China’s mobile phone industry is set to deepen its ties with India as Oppo Electronics invests HK$115 million to build a new factory in the northern city of Greater Noida, marking the latest major investment by a mainland supplier in the world’s second-largest smartphone market.

That initiative followed similar smartphone manufacturing investments in India made by computer giant Lenovo Group and high-flying Chinese technology start-up Xiaomi in the past year.

With a rapidly growing economy and a relatively lower penetration rate for smartphones, India has attracted major Chinese mobile phone suppliers beset by slow growth in their home market.

India is now the fastest-growing and second-largest smartphone market in the world, according to research firm Counterpoint Research. It predicted more than a billion smartphones will be sold in India over the next five years.

“In five years’ time, the Indian market will be as big as the current mainland Chinese market for Oppo,” Sky Li, the managing director of Oppo’s international mobile business, said.

Oppo’s new smartphone factory, located in the northern state of Uttar Pradesh, is expected to be completed later this year and have the capacity to produce 10 million units annually.

Headquartered in Dongguan in central Guangdong province, Oppo started in 2004 as a maker of portable audio and video players. It became the world’s fourth-largest supplier of smartphones in the first quarter, according to research firm IDC.

Since entering the smartphone business in 2008, Oppo has had a partnership with Taiwan-listed Hon Hai Precision Industry, the world’s largest contract electronics manufacturer that is known widely under its trade name Foxconn.

Oppo, which made its initial foray into India in January 2014, announced last year plans to establish 200 service centres across the country to support its growing customer base.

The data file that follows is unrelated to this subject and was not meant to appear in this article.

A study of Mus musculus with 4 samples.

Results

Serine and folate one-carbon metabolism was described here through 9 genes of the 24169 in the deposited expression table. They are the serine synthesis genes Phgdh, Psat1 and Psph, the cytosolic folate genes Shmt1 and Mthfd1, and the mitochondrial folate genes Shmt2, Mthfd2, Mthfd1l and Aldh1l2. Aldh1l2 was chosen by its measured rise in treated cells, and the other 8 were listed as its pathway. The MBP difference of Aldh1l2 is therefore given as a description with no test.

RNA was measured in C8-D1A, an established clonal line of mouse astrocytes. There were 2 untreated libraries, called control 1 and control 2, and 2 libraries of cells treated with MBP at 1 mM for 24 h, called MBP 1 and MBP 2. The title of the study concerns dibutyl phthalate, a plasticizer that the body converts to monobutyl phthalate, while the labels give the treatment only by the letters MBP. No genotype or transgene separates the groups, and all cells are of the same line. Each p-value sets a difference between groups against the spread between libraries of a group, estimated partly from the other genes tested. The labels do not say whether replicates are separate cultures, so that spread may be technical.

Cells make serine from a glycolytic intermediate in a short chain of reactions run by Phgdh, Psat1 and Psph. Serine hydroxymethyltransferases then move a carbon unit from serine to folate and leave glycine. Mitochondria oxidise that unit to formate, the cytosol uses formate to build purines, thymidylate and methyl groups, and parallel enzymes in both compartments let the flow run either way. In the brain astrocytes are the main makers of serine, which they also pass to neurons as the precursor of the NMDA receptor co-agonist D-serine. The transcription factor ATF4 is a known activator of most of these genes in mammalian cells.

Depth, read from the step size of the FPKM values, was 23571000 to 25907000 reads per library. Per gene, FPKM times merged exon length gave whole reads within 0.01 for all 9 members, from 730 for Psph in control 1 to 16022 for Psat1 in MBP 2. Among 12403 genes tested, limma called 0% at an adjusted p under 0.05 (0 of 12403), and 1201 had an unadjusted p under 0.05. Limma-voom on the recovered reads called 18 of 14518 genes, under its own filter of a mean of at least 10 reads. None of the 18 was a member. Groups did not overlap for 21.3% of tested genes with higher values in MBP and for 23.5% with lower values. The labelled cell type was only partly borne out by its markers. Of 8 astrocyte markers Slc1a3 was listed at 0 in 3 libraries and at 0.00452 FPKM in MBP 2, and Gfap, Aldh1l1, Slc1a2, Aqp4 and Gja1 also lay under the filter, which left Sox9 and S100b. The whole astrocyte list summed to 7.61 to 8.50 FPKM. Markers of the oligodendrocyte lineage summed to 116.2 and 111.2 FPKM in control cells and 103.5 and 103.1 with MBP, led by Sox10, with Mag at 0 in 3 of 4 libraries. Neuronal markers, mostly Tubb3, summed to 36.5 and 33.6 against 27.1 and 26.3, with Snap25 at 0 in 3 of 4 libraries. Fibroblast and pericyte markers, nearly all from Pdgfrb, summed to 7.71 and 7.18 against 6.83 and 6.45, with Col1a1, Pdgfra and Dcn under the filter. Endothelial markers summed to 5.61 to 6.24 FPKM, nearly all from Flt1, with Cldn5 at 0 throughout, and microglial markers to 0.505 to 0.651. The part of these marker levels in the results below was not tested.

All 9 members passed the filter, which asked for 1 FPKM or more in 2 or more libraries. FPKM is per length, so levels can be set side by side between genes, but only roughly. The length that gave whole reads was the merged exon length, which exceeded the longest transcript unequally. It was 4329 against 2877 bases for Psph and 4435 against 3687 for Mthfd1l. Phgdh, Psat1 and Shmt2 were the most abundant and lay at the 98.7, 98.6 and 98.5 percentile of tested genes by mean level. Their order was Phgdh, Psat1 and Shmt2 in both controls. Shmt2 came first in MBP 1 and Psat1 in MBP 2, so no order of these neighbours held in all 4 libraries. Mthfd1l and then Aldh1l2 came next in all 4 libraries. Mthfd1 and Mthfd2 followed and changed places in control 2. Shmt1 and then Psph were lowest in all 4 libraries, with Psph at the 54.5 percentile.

“Having their own factory in India will help them increase their sales volumes and manufacture more products at a lower cost,” IDC analyst Tay Xiaohan said.

Tay said local manufacturing provided an opportunity for Oppo to lower the taxes it paid there, compared with importing products from the mainland.

The country’s “Make in India” campaign has encouraged foreign investments in its manufacturing sector with various tax incentives and subsidies.

Li said the company planned to be aggressive in traditional retail sales channels in India.

Indian smartphone brands, however, continued to drive their sales of low- to medium-priced handsets as domestic telecommunications network operators expand their 3G and 4G services across the country.
According to Counterpoint, the top-five smartphone suppliers in India in the first quarter were Samsung Electronics, local brands Micromax and Intex, Lenovo and Lyf, a brand from local mobile services provider Reliance Jio.

“There is a massive opportunity for every player in the mobile value chain,” Counterpoint Research director Peter Richardson said in a recent report. “India is the next China.”

Counterpoint estimates showed that the fastest-growing smartphone suppliers in India in terms of annual shipment growth were mostly Chinese brands, led by Vivo, Lenovo, Oppo and Xiaomi.

Other Chinese smartphone suppliers that have ramped up their activities in India included OnePlus, Gionee, and Huawei Technologies.